The Student News Site of Texas A&M University - College Station

The Battalion

The Student News Site of Texas A&M University - College Station

The Battalion

The Student News Site of Texas A&M University - College Station

The Battalion

Junior INF Koko Wooley (3) catches the ball during Texas A&Ms game against Kentucky on April 7th, 2024 at Davis Diamond. (Jaime Rowe/The Battalion)
Troubles in ‘Loosa
April 13, 2024
Sophomore LHP Ryan Prager (18) celebrates getting the last strikeout during A&Ms games against Vanderbilt on Friday, April 12, 2024, at Olsen Field. (CJ Smith/The Battalion)
Ring Day run rule
April 12, 2024
Junior INF Koko Wooley (3) catches the ball during Texas A&Ms game against Kentucky on April 7th, 2024 at Davis Diamond. (Jaime Rowe/The Battalion)
Troubles in ‘Loosa
April 13, 2024
Sophomore LHP Ryan Prager (18) celebrates getting the last strikeout during A&Ms games against Vanderbilt on Friday, April 12, 2024, at Olsen Field. (CJ Smith/The Battalion)
Ring Day run rule
April 12, 2024
Junior G Wade Taylor IV (4) covers his face after a missed point during Texas A&Ms game against Arkansas on Feb. 20, 2024 at Reed Arena. (Jaime Rowe/The Battalion)
When it rains, it pours
February 24, 2024
Ali Camarillo (2) waiting to see if he got the out during Texas A&Ms game against UIW on Tuesday, Feb. 20, 2024 at Olsen Field. (Hannah Harrison/The Battalion)
Four for four
February 20, 2024
New A&M research initiative provides cutting-edge cancer treatments
J.M. Wise, News Reporter • April 8, 2024

It has been 20 months since Michelle Pozzi, Ph.D, of Texas A&M’s Biochemistry and Biophysics department was diagnosed with cancer. However,...

Troubles in ‘Loosa
Braxton Dore, Sports Writer • April 13, 2024

After taking the home series over Kentucky last weekend, No. 12 Texas A&M softball received a well-deserved break over the week before traveling...

Sophomore LHP Ryan Prager (18) celebrates getting the last strikeout during A&Ms games against Vanderbilt on Friday, April 12, 2024, at Olsen Field. (CJ Smith/The Battalion)
Ring Day run rule
April 12, 2024
Lasan Ukwatta Liyanage, Life & Arts Writer • April 11, 2024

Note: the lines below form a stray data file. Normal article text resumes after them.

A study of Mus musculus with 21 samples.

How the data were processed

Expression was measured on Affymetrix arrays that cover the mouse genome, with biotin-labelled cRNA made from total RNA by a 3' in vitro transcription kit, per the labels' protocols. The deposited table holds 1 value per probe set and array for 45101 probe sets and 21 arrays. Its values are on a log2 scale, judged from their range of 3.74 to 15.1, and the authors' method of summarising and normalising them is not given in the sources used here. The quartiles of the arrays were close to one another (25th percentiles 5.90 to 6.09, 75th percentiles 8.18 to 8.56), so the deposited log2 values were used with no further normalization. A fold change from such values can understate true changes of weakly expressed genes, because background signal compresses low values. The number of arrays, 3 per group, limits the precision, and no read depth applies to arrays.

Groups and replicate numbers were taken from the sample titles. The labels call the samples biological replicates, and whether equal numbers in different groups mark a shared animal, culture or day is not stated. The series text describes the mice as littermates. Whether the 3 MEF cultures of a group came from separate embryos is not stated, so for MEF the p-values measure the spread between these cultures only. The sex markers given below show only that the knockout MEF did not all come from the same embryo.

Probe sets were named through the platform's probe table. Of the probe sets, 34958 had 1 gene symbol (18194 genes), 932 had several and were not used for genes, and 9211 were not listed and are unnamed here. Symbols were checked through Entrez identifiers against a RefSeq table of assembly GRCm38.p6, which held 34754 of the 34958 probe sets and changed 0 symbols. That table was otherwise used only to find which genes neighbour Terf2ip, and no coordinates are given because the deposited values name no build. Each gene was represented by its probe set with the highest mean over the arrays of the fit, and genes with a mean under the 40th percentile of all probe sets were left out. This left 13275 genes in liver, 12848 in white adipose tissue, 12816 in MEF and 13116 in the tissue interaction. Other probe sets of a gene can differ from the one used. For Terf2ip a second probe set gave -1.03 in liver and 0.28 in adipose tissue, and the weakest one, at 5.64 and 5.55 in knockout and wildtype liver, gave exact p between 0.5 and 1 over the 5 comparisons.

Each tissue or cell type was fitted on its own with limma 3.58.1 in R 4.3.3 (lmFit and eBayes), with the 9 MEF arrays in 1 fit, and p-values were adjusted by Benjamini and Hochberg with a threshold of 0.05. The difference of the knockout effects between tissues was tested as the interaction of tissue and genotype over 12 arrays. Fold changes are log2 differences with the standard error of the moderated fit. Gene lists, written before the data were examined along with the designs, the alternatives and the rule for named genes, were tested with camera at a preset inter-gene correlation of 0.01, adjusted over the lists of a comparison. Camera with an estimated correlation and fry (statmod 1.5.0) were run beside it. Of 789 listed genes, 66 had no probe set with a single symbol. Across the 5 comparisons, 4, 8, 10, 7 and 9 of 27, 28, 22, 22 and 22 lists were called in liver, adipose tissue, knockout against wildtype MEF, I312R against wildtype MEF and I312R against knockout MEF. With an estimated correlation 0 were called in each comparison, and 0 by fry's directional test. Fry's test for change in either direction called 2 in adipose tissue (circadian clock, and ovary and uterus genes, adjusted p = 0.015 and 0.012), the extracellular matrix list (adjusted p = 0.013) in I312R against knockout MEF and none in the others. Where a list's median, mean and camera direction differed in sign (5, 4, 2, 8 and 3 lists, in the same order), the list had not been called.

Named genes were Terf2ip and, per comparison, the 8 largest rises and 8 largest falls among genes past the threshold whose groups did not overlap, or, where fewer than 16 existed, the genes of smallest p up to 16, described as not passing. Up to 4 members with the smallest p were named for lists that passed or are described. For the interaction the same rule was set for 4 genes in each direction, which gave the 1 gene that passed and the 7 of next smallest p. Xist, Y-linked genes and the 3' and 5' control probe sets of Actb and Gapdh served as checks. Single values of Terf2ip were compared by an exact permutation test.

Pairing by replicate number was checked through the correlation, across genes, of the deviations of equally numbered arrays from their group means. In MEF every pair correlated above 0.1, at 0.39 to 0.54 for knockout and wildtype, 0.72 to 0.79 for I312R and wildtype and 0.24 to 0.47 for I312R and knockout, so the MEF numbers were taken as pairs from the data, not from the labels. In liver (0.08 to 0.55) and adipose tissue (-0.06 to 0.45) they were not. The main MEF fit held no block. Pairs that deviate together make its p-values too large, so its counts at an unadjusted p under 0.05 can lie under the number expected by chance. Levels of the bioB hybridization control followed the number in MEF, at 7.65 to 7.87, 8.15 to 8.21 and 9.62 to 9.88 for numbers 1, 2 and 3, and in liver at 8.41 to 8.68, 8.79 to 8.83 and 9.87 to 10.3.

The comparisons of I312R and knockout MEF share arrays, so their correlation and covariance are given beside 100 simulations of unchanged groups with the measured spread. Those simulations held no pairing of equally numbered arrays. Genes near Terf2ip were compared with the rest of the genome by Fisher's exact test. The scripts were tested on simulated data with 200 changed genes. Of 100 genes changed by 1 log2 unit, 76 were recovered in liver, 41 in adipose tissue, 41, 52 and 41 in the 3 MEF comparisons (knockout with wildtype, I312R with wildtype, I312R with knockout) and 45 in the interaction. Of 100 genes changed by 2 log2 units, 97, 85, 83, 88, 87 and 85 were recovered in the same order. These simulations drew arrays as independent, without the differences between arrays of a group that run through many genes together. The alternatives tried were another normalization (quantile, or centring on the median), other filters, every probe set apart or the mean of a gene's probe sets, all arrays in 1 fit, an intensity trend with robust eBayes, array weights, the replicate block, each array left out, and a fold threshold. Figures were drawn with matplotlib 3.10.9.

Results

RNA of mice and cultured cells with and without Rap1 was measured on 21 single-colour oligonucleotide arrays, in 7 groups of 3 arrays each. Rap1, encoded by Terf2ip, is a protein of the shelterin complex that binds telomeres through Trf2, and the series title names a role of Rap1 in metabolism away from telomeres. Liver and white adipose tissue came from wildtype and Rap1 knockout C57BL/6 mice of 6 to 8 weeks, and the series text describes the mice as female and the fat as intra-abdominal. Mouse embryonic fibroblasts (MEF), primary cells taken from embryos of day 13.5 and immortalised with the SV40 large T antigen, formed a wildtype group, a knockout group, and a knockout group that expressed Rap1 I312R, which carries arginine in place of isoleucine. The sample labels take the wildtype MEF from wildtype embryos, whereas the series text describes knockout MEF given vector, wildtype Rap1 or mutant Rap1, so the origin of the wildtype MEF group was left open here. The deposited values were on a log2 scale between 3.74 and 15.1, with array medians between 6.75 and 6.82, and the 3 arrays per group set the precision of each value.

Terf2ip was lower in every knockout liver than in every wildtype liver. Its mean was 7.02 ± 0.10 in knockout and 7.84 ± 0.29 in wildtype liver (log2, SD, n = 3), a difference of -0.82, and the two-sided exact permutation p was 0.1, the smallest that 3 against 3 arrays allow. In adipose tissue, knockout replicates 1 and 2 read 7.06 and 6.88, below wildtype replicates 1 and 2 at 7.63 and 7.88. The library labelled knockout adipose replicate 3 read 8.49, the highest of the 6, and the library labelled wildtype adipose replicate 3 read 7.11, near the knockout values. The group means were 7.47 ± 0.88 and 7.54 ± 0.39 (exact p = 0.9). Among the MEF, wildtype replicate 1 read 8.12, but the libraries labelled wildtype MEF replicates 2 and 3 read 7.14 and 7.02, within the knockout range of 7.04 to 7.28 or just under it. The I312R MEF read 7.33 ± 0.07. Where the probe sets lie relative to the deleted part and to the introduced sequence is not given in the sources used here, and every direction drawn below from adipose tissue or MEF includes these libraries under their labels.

This year's Eid Al-Fitr celebration, hosted by Texas A&M’s Muslim Student Association, or MSA, drew over 1,500 attendees on Wednesday,...

Guest Commentary: An open letter to City Hall
Ben Crockett, Guest Contributor • April 11, 2024

City Council, As representatives of the Texas Aggie Classes of 2024, 2025, 2026 and 2027, we write to you today to urge a reconsideration...

A nation divided

In diplomacy and international relations, war is seldom the first option. More often than not, there are many steps that leaders go through in the diplomatic process before finally looking to war as an option. When war occurs, it is always with a heavy heart that the task is assigned because it bears so much negativity. Diplomacy has failed, and the time to make a stand has come. Now, America must support its troops.
While thousands of Americans have openly protested military involvement with Iraq, they have done nothing but divide a country already at war. The effect of this on the American public is obvious — America has become a divided nation, with antiwar protesters on one side and those in favor of the war on another. The situation has split the country down the middle, forcing those with neutral opinions into uncomfortable situations. Some friendships are strained because people cannot agree on the situation.
In the midst of it all are the troops — the soldiers who may or may not want to be involved in this war. They are the ones who must fight the battles. They are the ones who face the real dangers, who may lose their lives for their country.
Not all of them are weathered marines who have spent years in training. Many are reserve members, some signing up so the government would help pay for their college education, others trying to escape civilian life. These soldiers have spouses, children and families. Yet they are serving their country because it is their duty and because they believe in fighting for their country. They are risking their lives for America, and somehow that has gotten lost in the debate.
The men and women fighting for America overseas deserve every ounce of support and respect that we can give them. It is time to come together as a nation to support the armed forces. Remaining a nation divided will only hurt the war effort.
A similar situation occurred in the Vietnam War. The nation was split over whether the campaign was truly necessary. Protests and riots were common, possibly harming troop morale. Without the backing of the nation, the troops lost sight of what they were fighting for and, in turn, support for the war waned. For this war to go smoothly and to end as soon as possible, it is necessary for us to lend our support.
One can only wonder if the recent attack on the 101st Airborne Division by a U.S. Marine was partially encouraged by the protesting. If America is divided at home, how can the troops be expected to ignore the antiwar sentiment?
This protesting benefits no one. It is time America gathered its strength and applauded its troops, because they are fighting for what this nation stands for. Spirit is what separates America from other countries. This nation must defend the troops who are doing the dirty work for all of us. We as Americans have to remember that.